June 5th, 2013
North Carolina Legislature Votes to Repeal the Racial Justice Act
On June 5, 2013, the North Carolina legislature voted to overturn the Racial Justice Act, an historic law that prohibited the use of race in the imposition of the death penalty.
Passed in 2009, the Racial Justice Act (RJA) required courts to vacate a death sentence where race was a factor in the imposition of the death penalty. North Carolina was the first state to pass legislation aimed at remedying racially discriminatory practices in death penalty trials, including racial bias in jury selection.
Prosecutors vigorously opposed the law and successfully lobbied the legislature to vote for a repeal of the statute in 2011 but Governor Bev Perdue vetoed the repeal. In April 2012, Cumberland County Senior Resident Superior Court Judge Greg Weeks vacated Marcus Robinson's death sentence based on evidence that North Carolina prosecutors intentionally discriminated against African Americans in selecting capital juries. The groundbreaking ruling came after the state's first evidentiary hearing under the RJA.
In June 2012, North Carolina's Republican-led state legislature amended the RJA to weaken its protections by barring defendants from relying on statistical evidence of racial discrimination; the amendment requires a defendant to demonstrate that prosecutors intentionally used racial discrimination in his or her particular case. This made claims much more difficult to win. Nevertheless, in December 2012, the death sentences of Christina Walters, Quintel Augustine, and Tilmon Golphin, were overturned under the RJA after they proved that prosecutors had blocked African Americans from jury service because of their race.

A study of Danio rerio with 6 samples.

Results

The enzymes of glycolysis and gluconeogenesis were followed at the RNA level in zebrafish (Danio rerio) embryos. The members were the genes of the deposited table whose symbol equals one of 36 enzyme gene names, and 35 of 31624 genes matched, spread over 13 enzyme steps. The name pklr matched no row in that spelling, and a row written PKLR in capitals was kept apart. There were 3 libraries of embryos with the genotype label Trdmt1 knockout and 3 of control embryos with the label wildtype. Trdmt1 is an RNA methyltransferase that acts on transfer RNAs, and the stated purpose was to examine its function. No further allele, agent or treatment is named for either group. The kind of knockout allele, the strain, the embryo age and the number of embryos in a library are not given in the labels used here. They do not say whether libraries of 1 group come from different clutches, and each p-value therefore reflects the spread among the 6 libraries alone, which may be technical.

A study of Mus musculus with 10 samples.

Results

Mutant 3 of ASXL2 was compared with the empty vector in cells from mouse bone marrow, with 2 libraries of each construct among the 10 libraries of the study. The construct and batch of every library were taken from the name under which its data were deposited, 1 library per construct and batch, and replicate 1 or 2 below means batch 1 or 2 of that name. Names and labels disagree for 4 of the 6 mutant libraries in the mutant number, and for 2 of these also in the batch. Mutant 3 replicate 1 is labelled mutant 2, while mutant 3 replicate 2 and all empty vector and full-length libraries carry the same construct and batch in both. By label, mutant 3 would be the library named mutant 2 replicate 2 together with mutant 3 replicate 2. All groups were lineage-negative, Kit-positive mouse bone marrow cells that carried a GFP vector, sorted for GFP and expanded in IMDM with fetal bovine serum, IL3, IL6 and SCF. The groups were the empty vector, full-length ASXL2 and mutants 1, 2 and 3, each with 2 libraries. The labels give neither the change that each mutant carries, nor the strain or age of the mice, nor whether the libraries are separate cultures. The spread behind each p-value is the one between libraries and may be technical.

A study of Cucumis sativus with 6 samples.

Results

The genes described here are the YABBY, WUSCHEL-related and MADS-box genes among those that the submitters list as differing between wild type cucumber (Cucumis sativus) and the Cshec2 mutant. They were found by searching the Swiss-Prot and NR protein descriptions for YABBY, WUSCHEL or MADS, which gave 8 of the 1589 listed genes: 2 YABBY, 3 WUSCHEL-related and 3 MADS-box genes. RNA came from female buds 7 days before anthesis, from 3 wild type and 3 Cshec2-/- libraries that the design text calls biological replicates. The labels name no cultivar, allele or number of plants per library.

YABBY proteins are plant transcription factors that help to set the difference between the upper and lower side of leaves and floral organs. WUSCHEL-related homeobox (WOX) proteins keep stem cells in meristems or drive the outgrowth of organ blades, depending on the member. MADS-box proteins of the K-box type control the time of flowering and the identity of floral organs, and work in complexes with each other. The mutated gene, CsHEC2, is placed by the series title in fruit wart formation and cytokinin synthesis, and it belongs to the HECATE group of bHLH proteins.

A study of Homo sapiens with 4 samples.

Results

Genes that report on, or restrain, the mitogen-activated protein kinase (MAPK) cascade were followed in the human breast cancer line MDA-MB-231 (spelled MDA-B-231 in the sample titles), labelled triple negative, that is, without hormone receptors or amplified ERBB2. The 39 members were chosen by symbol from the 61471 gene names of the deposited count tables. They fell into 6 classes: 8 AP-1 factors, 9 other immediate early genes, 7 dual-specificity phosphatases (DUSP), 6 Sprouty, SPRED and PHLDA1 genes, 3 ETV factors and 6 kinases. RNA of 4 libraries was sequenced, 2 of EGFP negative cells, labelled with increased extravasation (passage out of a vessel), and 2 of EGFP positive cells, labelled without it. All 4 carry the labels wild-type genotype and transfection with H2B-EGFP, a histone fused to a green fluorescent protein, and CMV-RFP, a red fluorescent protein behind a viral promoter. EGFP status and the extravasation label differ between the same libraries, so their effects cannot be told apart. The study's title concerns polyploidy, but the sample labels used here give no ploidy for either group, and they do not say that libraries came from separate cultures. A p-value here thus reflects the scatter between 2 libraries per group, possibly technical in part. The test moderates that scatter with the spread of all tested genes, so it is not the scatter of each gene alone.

On June 5, 2013, the legislature voted again to repeal the RJA. Two weeks later, Governor Pat McCrory – a Republican who was inaugurated in January 2013 – signed the repeal bill. Governor McCrory predicted that eliminating the RJA would remove the “procedural roadblocks” that had kept North Carolina from executing anyone since 2006. There are 152 people on North Carolina’s death row and nearly all of them filed motions under the RJA; many of those motions remain pending as courts consider whether they may proceed in light of the repeal.